Banks and regulators appear to be more aligned in their views on how to prepare for any financial distress. A review by the Bipartisan Policy Center’s Financial Regulatory Reform Initiative (FRRI) of so-called “living wills” required of large financial institutions in the aftermath of the financial crisis found encouraging signs that banks and regulators are getting onto the same page.
Banks with $50 billion or more in assets are required to develop resolution plans, often referred to as “living wills.” Living wills are designed to facilitate a rapid and orderly resolution of these banks at a time of financial distress. The public portion of a living will provides a high-level overview of the strategy a bank would pursue during a traumatic financial event and is devoid of confidential information. Living wills were created and required as part of the post-recession reform of financial regulation in Dodd-Frank.
In 2012, the largest banks submitted their first plans to the FDIC and the Federal Reserve Board (Fed), the two regulators required to review them under the law. Upon review, the regulators stated that the plans made “assumptions that the agencies regard as unrealistic or inadequately supported” and failed to consider the structural changes necessary for orderly resolution. Since then, the banks have submitted updated living wills annually as required by Dodd-Frank. The banks’ most recent plans are currently under review by the FDIC and the Fed with an expectation that the regulators will pronounce judgment soon.
We reviewed the publicly released portions of the living wills of some of the largest banks each year from 2012 to 2015 to see how they evolved.1 In 2014, FRRI suggested that regulators could improve living wills, stating that the FDIC and Fed should be “converging the living will and single-point-of-entry processes.” We wanted to see if things had changed.
We were encouraged by what we found. Here’s why:
High Level Trends
Use of Single Point of Entry
The initial round of plans provided for a number of resolution strategies including FDIC receivership, Chapter 11 bankruptcy, purchase by a competitor, and resolution by the Securities Investor Protection Corporation, among others. These 2012 plans were submitted before an important FDIC and Bank of England announcement of a new strategy for failure resolution of large, complex financial firms called single point of entry (SPOE) in December 2012. SPOE allows a single regulator to resolve a large, complex and even globally active financial institution by taking the group holding company into receivership and using holding company assets to recapitalize material subsidiaries. After recapitalization, the holding company is placed into bankruptcy, using Chapter 11 of the Bankruptcy Code to be resolved. At the same time, the operating subsidiaries of the holding company would continue normal operations, thus reducing disruptions of service to customers.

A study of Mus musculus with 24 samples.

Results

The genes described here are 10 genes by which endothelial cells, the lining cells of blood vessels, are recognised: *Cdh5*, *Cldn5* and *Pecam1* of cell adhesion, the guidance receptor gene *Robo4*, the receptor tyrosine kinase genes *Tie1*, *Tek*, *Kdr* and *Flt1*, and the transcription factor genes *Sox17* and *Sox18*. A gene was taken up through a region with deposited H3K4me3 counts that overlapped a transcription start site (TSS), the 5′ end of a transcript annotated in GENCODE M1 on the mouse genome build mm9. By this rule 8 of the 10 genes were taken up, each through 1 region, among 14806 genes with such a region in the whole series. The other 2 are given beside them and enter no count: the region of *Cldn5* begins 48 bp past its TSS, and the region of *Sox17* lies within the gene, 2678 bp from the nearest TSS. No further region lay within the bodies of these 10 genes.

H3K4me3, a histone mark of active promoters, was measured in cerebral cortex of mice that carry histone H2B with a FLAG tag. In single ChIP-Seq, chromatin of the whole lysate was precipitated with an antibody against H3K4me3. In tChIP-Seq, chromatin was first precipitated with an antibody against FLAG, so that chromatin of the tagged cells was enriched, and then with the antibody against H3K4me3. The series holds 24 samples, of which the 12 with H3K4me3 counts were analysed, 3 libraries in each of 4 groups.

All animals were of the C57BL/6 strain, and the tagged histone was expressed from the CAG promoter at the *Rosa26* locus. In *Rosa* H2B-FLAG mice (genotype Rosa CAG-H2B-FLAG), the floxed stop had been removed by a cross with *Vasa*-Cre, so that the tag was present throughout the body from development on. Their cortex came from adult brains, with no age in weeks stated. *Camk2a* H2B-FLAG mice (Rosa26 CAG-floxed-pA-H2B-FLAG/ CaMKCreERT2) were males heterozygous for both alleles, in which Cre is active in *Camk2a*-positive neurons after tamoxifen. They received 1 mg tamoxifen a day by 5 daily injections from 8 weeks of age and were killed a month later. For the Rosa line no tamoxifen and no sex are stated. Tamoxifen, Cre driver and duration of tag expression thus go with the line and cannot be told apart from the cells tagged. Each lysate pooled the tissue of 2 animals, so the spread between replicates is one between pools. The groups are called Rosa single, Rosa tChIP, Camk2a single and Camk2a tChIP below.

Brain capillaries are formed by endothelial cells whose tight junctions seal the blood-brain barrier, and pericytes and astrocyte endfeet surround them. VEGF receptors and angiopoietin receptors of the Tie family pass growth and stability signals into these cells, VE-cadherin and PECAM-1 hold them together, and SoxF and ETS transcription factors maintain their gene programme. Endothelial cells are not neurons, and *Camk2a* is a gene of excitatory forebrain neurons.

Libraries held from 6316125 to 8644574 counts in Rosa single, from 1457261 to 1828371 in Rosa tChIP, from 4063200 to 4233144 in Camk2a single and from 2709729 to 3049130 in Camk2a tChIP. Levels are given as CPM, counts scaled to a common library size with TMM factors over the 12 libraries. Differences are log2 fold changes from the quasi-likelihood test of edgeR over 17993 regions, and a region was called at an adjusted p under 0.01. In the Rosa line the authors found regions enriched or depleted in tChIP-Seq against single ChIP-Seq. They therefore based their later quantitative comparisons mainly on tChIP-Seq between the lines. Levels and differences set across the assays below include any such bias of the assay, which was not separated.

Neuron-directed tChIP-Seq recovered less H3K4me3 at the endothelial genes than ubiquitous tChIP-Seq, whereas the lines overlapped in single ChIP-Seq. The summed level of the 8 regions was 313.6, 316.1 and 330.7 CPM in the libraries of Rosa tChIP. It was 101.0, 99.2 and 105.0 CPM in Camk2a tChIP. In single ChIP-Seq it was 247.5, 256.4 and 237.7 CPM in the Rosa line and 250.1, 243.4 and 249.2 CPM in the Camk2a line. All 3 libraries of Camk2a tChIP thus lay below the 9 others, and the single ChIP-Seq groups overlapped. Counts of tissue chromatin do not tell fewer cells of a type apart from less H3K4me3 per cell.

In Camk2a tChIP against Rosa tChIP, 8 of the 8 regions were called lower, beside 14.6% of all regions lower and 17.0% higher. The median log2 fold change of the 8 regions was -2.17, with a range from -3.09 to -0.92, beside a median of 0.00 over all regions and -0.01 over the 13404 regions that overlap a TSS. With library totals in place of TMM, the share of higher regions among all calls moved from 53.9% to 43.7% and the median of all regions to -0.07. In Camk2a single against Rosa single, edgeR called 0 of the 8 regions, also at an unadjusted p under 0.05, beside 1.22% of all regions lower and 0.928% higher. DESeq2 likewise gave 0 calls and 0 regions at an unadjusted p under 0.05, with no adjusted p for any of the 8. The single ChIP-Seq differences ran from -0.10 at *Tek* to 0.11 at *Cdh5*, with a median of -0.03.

After the FDIC and the Bank of England published the SPOE white paper, other international regulators showed support for the SPOE strategy, including the Swiss Financial Market Supervisory Authority and the German Federal Financial Supervisory Authority. FRRI strongly supported the SPOE strategy, stating that living wills “should succeed in solving a critical part of the too-big-to-fail problem, by allowing any [systemically important financial institution] to fail without resorting to taxpayer-funded bailouts or a collapse of the financial system.”
Banks have now embraced SPOE as well. In the 2015 plan submissions, virtually all of the 11 institutions we reviewed shifted their strategy to SPOE. The few that didn’t had less diversified holding company structures with most of their assets concentrated in a subsidiary bank so that standard pre-Dodd-Frank FDIC receivership was still sufficient. The broad use of SPOE in the living wills is important because it indicates that the regulators and regulated are on the same page.
Increase in Detail
Another major change between the first wave of plans in 2012 and the most recent was the level of detail provided in the public portions. On average, the 2015 plans were twice as long and addressed specific qualitative factors not referenced in the first wave. One of the common factors addressed was legal complexity measured by the total number of legal entities within a holding company. Many of the plans we reviewed showed that large institutions are combining and dissolving a large number of their subsidiaries. The number of subsidiaries and unclear connections between them was often cited as one of the major problems in the resolution of Lehman Brothers. One of the goals behind living wills was to both identify and streamline these legal entities and that appears to be occurring. Reducing these entities, where feasible, should make failure resolution simpler and more effective under most conditions.
This week, in a joint event, BPC and the Hoover Institution will explore another approach to the too-big-to-fail problem; amending the Bankruptcy Code to add a special subchapter for large, complex financial institutions. Living wills would improve the effectiveness of bankruptcy by mapping out the resolution of the firm thus limiting the efforts and expense of the bankruptcy courts.
1 The eleven banks reviewed were Goldman Sachs, JP Morgan Chase, Citi Group, Bank of America, Wells Fargo, Morgan Stanley, BNY Mellon, Credit Suisse, UBS, Barclays, and Deutsche Bank.